After watching ‘Sisters Island‘ by Miguel Almagro, we were blown away by the quality of production and the storytelling in the short film. The film was conceived and brought to life via Indiegogo, an American crowdfunding website, and has gone on to win numerous awards.
‘Sisters Island‘ bagged the Winner Award of Merit Indiefest 2017, the winner of the Audience Award at the White Whale International Family&Social Film Festival, and was screened at a few notable film festivals in the United States.
Miguel Almagro is no stranger to producing short films. He has shot commercials for the Universal Studios in Singapore and worked with Toyota for a commercial – which featured Olympic swimmer Joseph Schooling. He has also worked with MAS (Monetary Authority of Singapore) and MCI (Ministry of Communication and Information), Ferrero Rocher, and Hask.
Despite his hectic schedule, Miguel Almagro made time to answer some questions we had about ‘Sisters Island‘:
Hi Miguel! Tell us a bit about yourself. How did a filmmaker from Barcelona end up in sunny Singapore?
In Barcelona, I loved summer and beach time. I always dreamed of living in a tropical place and enjoy a never-ending summer. But I ended up living in rainy London for a decade. I came to Singapore with my wife for a business trip and we fell in love with this place. One year later we moved here. Six years later, we still love it.
How did you hear about the legend of Sisters’ Islands, which gave you the idea for the film?
Months before moving to Singapore, I’d already decided I would make a short film. I was researching about diving locations in the region and I read about the legend in a diving website.
How did this story spur you to write the script? What elements intrigued you?
I was moved by the strong bond between the two sisters and the significance of marriage in that particular time in history. There’s also a strong connection in their lives with nature and this becomes an important part of the legend.
The juxtaposition of two siblings was interesting; two sisters from the past and two brothers from the future.
I wanted to tell the story from a contemporary time and explore what can we get out today from this legend. I feel like not much has changed since ancient times about marriage. There is always some uncertainty about how this is going to change our lives and how siblings sometimes grow apart – distancing themselves from each other. The siblings in the story find the courage to risk their lives to stay together. I wanted to show that we can do brave things for our loved ones.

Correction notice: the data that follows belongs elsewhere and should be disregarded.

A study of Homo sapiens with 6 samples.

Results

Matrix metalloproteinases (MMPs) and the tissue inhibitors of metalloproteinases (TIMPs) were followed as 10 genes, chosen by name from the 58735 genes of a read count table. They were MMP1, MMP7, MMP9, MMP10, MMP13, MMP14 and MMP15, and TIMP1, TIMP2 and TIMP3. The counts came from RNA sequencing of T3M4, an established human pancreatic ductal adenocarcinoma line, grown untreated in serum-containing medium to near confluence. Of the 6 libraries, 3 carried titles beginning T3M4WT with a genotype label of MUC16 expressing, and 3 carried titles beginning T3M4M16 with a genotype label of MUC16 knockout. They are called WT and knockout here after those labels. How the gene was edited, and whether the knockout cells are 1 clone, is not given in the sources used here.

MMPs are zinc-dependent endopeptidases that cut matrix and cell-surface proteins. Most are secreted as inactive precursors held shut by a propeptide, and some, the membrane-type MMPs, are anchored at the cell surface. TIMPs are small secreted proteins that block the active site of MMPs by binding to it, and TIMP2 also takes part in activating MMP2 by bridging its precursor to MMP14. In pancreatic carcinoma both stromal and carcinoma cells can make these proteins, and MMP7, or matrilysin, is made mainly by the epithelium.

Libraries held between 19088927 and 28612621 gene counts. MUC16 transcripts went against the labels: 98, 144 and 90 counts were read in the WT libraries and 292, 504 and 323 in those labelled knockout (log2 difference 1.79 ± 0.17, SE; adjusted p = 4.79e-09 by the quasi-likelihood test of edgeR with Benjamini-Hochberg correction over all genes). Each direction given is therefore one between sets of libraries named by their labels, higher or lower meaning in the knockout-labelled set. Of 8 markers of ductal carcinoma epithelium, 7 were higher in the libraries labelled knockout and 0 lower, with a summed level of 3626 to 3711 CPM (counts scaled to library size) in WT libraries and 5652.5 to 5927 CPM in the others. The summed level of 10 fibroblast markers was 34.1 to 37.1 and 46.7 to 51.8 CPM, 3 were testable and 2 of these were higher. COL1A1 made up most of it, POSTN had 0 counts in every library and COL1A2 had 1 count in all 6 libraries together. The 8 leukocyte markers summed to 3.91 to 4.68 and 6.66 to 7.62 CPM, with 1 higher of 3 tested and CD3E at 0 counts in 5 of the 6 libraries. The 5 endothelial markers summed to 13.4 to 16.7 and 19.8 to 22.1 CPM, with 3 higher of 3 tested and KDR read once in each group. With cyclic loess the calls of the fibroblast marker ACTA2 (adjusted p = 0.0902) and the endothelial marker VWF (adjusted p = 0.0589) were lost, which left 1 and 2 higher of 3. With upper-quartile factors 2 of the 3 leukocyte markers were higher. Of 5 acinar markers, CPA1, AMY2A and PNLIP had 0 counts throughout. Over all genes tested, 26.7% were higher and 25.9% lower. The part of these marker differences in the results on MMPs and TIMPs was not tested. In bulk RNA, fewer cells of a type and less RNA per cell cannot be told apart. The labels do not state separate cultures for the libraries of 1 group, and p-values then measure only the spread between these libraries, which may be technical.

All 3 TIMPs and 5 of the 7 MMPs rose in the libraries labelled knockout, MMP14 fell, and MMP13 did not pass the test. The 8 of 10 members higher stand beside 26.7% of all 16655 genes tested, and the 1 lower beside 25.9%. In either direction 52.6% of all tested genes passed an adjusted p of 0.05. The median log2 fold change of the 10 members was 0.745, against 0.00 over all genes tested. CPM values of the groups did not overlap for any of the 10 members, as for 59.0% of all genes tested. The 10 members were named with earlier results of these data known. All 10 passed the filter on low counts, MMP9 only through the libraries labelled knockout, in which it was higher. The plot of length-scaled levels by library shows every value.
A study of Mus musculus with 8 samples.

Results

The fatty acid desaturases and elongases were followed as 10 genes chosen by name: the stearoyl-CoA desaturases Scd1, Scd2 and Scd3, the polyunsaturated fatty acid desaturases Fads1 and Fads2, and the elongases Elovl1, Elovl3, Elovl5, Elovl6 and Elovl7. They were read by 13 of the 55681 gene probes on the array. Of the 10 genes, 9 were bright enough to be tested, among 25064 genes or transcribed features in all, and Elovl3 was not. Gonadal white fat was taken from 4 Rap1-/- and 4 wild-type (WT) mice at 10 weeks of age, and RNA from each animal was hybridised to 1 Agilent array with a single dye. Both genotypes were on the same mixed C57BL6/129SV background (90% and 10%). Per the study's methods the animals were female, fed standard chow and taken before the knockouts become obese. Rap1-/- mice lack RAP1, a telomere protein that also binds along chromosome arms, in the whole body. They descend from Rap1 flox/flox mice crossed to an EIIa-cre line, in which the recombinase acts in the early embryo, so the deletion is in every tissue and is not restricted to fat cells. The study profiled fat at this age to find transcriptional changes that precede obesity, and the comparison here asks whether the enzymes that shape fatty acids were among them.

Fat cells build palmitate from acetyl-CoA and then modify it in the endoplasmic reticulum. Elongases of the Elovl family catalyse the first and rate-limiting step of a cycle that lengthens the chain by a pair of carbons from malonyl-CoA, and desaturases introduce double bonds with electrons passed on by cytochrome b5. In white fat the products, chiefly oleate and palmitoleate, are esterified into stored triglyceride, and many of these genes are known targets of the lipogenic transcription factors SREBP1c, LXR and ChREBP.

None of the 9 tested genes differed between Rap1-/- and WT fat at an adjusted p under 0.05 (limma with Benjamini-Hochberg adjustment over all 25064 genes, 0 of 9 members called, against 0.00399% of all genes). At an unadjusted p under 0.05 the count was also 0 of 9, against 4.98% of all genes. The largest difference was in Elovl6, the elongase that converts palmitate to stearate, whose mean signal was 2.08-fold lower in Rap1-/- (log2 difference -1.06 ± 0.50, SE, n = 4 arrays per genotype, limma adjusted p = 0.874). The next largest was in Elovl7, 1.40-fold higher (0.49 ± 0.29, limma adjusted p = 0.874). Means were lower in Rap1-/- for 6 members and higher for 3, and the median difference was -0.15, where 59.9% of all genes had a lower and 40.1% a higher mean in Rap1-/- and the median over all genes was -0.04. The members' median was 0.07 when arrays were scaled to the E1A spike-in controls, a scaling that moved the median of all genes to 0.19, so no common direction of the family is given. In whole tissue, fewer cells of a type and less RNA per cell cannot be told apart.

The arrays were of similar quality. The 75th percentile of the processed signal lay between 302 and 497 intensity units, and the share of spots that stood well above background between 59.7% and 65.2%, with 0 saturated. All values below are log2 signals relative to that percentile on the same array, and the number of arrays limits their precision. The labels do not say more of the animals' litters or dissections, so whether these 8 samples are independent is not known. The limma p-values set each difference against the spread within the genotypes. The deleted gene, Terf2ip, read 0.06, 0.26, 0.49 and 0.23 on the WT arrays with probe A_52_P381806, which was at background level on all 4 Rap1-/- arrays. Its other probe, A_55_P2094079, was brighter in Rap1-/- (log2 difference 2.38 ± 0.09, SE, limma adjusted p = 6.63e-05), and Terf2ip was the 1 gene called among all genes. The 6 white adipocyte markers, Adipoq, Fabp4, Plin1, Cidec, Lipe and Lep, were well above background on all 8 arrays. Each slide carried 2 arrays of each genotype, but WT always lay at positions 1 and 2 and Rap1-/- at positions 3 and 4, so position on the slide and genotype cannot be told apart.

What was the hardest part about filming ‘Sisters Island‘? You had multiple outdoor location shoots, different language dialogues, and special effects.
I’d not filmed underwater before. At that time, I only dived a few times and I had to get myself and the actors certified before filming.
I was lucky to meet a great team of local underwater cinematographers. We had storyboards underwater to communicate. To create the storm was also very challenging. The young sisters could barely swim properly in the ocean and we needed big waves.
In a previous interview, you shared a trick that allowed for a tiger to appear in ‘Sisters Island‘. Are there any other clever techniques applied in the film that viewers should know?
To create rain, we used a water pump. We pumped water from the ocean and sprayed sometimes directly to the actors. It sounds like a cheap option but gave us a lot of control. It looked like waves were hitting the talent. I used visual effects to create the storm, sky and ocean replacement with waves.
Some people questioned you saying “what do you know about Singapore and Asian culture” when you were making this film. How did you respond to that?
Despite some initial rejection, it did not discourage me. When I work on a film project, I enjoy researching a lot about the subject of the story. You have to show people that you care and you want to learn more from them. Then they open up and want to share their experiences and knowledge.
I became good friends with some of the people along the process. I went many times to the Malay Heritage Centre. We walked through the exhibitions and they told me about the history of Singapore before colonisation. I learned about the Orang Laut and how the lived in connection with the islands and ocean. We filmed in Batam where an Orang Laut village exists. They live like they did thousands of years ago. I also learned about ocean life and water conditions in the region. Behind the fiction, it becomes a real-life experience.
Your film started out as an Indiegogo campaign. What lessons did you learn from the crowdfunding process that other filmmakers should know? (Psst: We also have a fan-funding project on Viddsee, Vee!)
I did a crowdfunding video explaining why it was important for me to make this film. That helped me understand why it was special to me. At that moment, I recently got married and became the father of twin boys. The story is about two brothers trying to reconnect. All the money from the campaign came from family and friends.
Documentaries that are touching hot social issues have a higher chance to receive more donations. It’s easy to spend a lot of time trying to promote the campaign on other platforms, sending emails and posting. Unless you have a huge network with many thousands of social media connections, it is very hard to reach a high goal.